Get a bunch of Carnegie Mellon mechanical engineering students together, ask them to design an innovative prototype for a consumer product, and they'll start thinking about what they don't like to do.
"We hate ironing clothes," said Brian Koskey, 21, a senior who is originally from Washington, D.C.
His group's solution to their ironing woes: build a better iron.
Today, Mr. Koskey was among 46 students who presented final prototypes for consumer products in Roberts Engineering Hall at CMU, part of a design competition for seniors.
Students were told at the beginning of the semester to study existing consumer products, then design and create an improved idea for the product, said associate professor Jeremy Michalek.
The semester project yielded nine products, most of which had the potential to make life a little easier if they ever make it to store shelves.
Like the innovative iron, for example.
Ironing is a necessary activity for seniors going on job interviews, but it can be cumbersome to use an iron and ironing board in a small apartment or a dorm room, said John Howland, 24.
"If we own an ironing board, it's either one of the small terrible ones, or the large terrible ones," he said.
His group took the ironing board out of the equation and created a hybrid steamer and iron with a clip that attaches by magnet. Place the iron against a wrinkled shirt, attach the clip to the other side, and the iron can be moved across or down the shirt without having to maneuver a board into place.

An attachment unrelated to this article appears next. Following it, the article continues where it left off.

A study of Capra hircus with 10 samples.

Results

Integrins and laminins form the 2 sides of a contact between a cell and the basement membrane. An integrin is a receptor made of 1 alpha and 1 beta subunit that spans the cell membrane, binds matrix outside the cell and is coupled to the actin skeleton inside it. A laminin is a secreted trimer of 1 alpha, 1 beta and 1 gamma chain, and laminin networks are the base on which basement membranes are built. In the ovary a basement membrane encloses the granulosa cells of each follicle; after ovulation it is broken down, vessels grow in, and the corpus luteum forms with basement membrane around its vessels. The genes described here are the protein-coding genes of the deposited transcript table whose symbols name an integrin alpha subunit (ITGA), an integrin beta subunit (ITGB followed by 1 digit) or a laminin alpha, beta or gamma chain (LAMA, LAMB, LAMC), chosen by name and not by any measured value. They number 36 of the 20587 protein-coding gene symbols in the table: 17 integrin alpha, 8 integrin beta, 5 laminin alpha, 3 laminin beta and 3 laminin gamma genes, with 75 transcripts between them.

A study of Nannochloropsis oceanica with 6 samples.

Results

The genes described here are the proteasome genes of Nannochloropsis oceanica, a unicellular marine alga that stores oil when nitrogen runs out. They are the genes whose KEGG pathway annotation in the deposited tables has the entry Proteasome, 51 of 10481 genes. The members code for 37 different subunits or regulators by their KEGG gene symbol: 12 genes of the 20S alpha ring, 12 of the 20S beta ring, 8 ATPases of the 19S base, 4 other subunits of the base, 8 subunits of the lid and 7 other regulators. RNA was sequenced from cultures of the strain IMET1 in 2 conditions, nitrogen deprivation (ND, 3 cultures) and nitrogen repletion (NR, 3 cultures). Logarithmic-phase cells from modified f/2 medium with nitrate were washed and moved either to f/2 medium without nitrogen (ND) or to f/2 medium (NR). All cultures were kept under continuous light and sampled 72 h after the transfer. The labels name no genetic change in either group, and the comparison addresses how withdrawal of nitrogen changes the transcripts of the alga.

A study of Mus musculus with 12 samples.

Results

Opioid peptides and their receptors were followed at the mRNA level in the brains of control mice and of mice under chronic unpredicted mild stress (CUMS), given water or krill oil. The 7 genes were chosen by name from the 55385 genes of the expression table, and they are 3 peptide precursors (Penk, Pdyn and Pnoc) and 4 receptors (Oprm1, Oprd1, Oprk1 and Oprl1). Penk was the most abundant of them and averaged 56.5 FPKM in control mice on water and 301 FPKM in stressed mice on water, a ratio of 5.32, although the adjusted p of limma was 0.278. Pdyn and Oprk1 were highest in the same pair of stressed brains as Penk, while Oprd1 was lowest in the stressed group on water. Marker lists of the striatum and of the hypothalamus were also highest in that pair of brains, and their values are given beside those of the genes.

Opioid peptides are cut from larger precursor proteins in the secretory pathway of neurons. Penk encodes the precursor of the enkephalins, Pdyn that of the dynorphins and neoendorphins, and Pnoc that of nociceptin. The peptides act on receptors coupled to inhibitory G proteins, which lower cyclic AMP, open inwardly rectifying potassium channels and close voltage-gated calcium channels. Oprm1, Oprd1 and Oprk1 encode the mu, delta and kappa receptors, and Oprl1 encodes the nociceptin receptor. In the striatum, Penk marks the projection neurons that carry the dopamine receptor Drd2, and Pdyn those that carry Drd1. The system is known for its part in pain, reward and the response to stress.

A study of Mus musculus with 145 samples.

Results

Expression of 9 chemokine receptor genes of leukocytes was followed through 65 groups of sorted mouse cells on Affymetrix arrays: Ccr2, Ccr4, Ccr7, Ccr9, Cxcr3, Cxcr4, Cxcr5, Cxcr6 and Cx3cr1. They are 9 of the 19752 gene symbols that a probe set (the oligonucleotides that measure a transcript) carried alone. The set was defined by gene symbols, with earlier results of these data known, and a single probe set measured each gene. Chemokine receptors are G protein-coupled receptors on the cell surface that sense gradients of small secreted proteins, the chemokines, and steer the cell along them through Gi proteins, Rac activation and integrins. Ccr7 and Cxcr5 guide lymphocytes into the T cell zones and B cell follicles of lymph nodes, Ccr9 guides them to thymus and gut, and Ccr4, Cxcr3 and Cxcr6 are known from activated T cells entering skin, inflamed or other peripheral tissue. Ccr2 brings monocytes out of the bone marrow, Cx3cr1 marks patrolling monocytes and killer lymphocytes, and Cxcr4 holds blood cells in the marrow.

There were other ideas, such as the one proposed by Dinesh Ayyappan, 22, and his group, who presented an improved bicycle light that can be easily rotated from side to side as needed.
And the idea suggested by Kelle Patterson, 20, and her group, who designed a battery-operated device whose four bristles scrub food from dirty dishes.
Oscar Chahin, 22, and his group created a suitcase with a vacuum pump to maximize the number of items airplane travelers can fit in their carry-on bags. They figured a more efficiently packed bag would be attractive to college students -- and many other travelers -- who want to avoid paying the cost of checking a bag.
The vacuum pump, which doubles as a handle for the bag, sucks oxygen out of the bag to save space. There's no patent pending yet, but it will be used by at least one traveler.
"One of us will keep it for sure," Mr. Chahin said.